Remember when Chrysler went bankrupt? During the early days of that financial catastrophe, Chrysler tried stealing a bunch of customers' cars, including my client's.

Chrysler and GM both went bankrupt in 2009 and shock waves rolled through the automotive community. I handle lemon law claims in Michigan and, at that time, was curious about how this would affect the people I worked with – consumers and other attorneys. At any given time, I have pending cases against each of the Big Three and at the exact date and time Chrysler was getting ready to pull the trigger on their filing, I had a client whose defective car was being bought back by Chrysler.

Now, I understand that in a huge corporation like that, not everyone knows what is going on in every other department of the company. So it is understandable that the attorneys I deal with in Michigan were not privy to the top secret bankruptcy filing which was being prepared by another group within the company to be filed in New York.

The way a lemon law buyback works is that Chrysler sends the check to the dealer with instructions for the dealer to inspect the car, have the customer sign some documents, and hand them the check. My client's buyback was scheduled for the same day Chrysler filed.

When the news of the bankruptcy filing broke, I called my client immediately and told her to not go to the dealer. There was a good chance that the check waiting for her was no good. My client, being an industrious sort, called the dealer and found out that the salesperson she had dealt with was the one who was going to handle the buyback. And the buyback check was drawn on a bank which had a local branch. The salesman made her a photocopy of the check and she took it to the bank to see if it was good.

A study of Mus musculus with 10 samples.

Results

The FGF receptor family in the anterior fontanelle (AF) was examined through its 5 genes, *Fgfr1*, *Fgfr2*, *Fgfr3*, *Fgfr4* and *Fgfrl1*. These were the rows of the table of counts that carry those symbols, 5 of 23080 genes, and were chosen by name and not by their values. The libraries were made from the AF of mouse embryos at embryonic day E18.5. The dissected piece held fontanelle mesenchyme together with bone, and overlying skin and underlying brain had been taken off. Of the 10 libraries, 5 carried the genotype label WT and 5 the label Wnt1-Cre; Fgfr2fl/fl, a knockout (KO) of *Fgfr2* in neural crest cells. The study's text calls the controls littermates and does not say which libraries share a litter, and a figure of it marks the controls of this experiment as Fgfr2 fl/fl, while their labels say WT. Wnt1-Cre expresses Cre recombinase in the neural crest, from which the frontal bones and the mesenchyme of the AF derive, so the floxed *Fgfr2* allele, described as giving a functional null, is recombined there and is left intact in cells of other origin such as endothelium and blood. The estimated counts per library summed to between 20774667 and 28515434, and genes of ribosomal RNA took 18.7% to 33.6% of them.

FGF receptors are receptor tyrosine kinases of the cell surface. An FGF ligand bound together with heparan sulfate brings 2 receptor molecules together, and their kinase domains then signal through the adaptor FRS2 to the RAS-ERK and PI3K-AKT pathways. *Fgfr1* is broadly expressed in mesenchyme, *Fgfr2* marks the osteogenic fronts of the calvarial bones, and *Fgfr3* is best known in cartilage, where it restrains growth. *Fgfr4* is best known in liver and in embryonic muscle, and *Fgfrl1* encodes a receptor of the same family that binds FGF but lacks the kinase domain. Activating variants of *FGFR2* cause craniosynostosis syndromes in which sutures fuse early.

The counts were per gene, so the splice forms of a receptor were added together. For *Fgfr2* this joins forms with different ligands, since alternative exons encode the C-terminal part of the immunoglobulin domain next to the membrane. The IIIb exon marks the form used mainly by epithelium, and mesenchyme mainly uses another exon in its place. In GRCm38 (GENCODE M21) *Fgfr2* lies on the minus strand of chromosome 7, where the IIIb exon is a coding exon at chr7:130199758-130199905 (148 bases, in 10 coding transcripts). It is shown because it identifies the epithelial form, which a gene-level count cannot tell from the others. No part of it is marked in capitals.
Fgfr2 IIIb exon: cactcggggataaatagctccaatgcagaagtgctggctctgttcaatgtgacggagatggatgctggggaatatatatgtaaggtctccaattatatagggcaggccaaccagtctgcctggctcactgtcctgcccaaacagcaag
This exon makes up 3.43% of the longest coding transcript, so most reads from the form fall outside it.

The teller told her, "If this check was presented right now, it would not be honored. This account has been frozen."

I called the Chrysler attorney I had been dealing with and he told me he had no idea what was going on. The filing had been a surprise to him as well.

I started researching the story and found other customers around the country – like my client – who had buybacks but had turned in their cars and gotten checks. Those checks were now no good. And Chrysler was not honoring them. As far as they were concerned, those checks were just more unsecured debt and the customers who had turned in their defective cars could get in line with everyone else who stood to get nothing. And no, they could not have their cars back.


So, my client dodged a bullet. At least she still had her car, albeit a defective one. A short while later, largely because of the backlash from this latest development hitting the news, Chrysler went to court and sought permission to make these checks good. My client turned in her car, got her check and it cleared. The other consumers whose checks were frozen were also made whole. But they had been sweating for a week or so.

I talked to another acquaintance of mine (NOT the Chrysler attorney above) who is an attorney and he was not so lucky. His firm handled large legal matters for Chrysler and Chrysler owed his firm a few million dollars. A few million. Chrysler had listed that debt among the many it could not pay and it was discharged. The firm got zero. At least Chrysler let them keep their cars.